A retired New York professor’s life is thrown into chaos when he takes a young great-nephew to the French Riviera, in hopes of uncovering his own mother’s wartime secrets in the next masterpiece from New York Times bestselling author Emma Donoghue.
Noah Selvaggio is a retired chemistry professor and widower living on the Upper West Side, but born in the South of France. He is days away from his first visit back to Nice since he was a child, bringing with him a handful of puzzling photos he’s discovered from his mother’s wartime years. But he receives a call from social services: Noah is the closest available relative of an eleven-year-old great-nephew he’s never met, who urgently needs someone to look after him. Out of a feeling of obligation, Noah agrees to take Michael along on his trip.
Much has changed in this famously charming seaside mecca, still haunted by memories of the Nazi occupation. The unlikely duo, suffering from jet lag and culture shock, bicker about everything from steak frites to screen time. But Noah gradually comes to appreciate the boy’s truculent wit, and Michael’s ease with tech and sharp eye help Noah unearth troubling details about their family’s past. Both come to grasp the risks people in all eras have run for their loved ones, and find they are more akin than they knew.
Written with all the tenderness and psychological intensity that made Room an international bestseller, Akin is a funny, heart-wrenching tale of an old man and a boy, born two generations apart, who unpick their painful story and start to write a new one together.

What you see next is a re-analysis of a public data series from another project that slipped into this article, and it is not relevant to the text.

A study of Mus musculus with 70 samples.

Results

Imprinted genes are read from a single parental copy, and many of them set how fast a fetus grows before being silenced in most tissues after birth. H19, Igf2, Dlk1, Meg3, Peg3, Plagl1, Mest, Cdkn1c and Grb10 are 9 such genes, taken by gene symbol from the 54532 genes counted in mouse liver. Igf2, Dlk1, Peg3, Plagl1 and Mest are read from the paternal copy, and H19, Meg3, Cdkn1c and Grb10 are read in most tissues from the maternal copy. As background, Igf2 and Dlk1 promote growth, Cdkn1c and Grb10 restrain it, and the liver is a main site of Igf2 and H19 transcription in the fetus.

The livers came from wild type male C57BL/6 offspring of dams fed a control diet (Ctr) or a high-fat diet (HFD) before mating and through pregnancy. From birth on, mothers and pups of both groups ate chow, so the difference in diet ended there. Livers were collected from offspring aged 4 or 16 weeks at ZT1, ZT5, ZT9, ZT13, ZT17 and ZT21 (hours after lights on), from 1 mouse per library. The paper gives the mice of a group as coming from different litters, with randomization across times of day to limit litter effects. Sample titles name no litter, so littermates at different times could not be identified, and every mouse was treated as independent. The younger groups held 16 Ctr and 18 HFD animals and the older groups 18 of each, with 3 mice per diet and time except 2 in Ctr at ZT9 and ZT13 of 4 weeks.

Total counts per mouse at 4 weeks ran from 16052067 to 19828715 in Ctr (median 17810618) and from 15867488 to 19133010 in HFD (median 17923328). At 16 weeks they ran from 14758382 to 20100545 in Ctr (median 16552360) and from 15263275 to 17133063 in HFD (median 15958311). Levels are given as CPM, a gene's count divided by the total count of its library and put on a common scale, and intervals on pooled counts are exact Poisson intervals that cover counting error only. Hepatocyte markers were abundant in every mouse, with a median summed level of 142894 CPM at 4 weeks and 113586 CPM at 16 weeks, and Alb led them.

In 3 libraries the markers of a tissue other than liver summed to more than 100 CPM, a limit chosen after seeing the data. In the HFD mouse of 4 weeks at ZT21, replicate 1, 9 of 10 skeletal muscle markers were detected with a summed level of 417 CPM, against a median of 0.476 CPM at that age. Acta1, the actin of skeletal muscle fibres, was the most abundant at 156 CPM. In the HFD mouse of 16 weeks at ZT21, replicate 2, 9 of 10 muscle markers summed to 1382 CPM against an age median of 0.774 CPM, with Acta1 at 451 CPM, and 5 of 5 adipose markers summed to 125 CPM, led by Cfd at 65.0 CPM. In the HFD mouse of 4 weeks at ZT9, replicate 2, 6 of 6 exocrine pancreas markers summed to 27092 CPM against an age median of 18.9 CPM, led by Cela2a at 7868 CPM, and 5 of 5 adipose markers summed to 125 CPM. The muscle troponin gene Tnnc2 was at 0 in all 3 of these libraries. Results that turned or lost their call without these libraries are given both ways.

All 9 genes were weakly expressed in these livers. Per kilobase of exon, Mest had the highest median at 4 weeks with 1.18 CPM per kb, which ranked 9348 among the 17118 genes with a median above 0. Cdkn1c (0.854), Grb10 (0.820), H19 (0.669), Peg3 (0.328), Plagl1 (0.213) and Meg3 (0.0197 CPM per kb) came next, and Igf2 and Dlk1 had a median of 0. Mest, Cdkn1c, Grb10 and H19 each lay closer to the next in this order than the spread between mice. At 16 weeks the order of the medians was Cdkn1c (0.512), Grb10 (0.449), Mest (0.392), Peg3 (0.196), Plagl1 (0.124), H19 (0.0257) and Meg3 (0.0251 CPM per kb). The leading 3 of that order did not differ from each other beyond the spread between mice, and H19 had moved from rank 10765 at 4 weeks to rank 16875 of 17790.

Akin completely surprised me – I was expecting something different – perhaps because her other books read quite differently. However, I’ve come to realise that one of the beauties of Emma Donoghue’s books is the fact that they are different, in style and of course plot and setting.
This story takes place (at first) in New York, when 79 years-young Noah gets an unexpected call – his great nephew Michael has no one to take care of him, and as he’s only 11 years old Noah feels strong-armed into looking after him – and taking him on his trip of a lifetime to Nice, to track down what happened to his mother during the war and to celebrate his 80th birthday. What ensues is comical, poignant and at times quite sad. The two very different characters struggle to reconcile their differences whilst Noah learns about life as an 11 year old from a very different background to himself. There are plenty of sweet moment, and humorous situations to entertain – some parts really made me smile!
There’s also some historical context to the novel as the book – in having Nice as it’s backdrop for a large portion – offers up some interesting information about a different area of the world and a different timeframe due to Noah and Michael’s investigations! Akin is not a fast-paced, action-packed read but it moves along at just the right pace to combine character development with entertainment. It’s such an enjoyable read and it manages to be really sweet without being cloying or over the top, so I’d absolutely 100% recommend this novel.
Many thanks to Pan Macmillan for providing a copy of this novel, on which I chose to write an honest and unbiased review.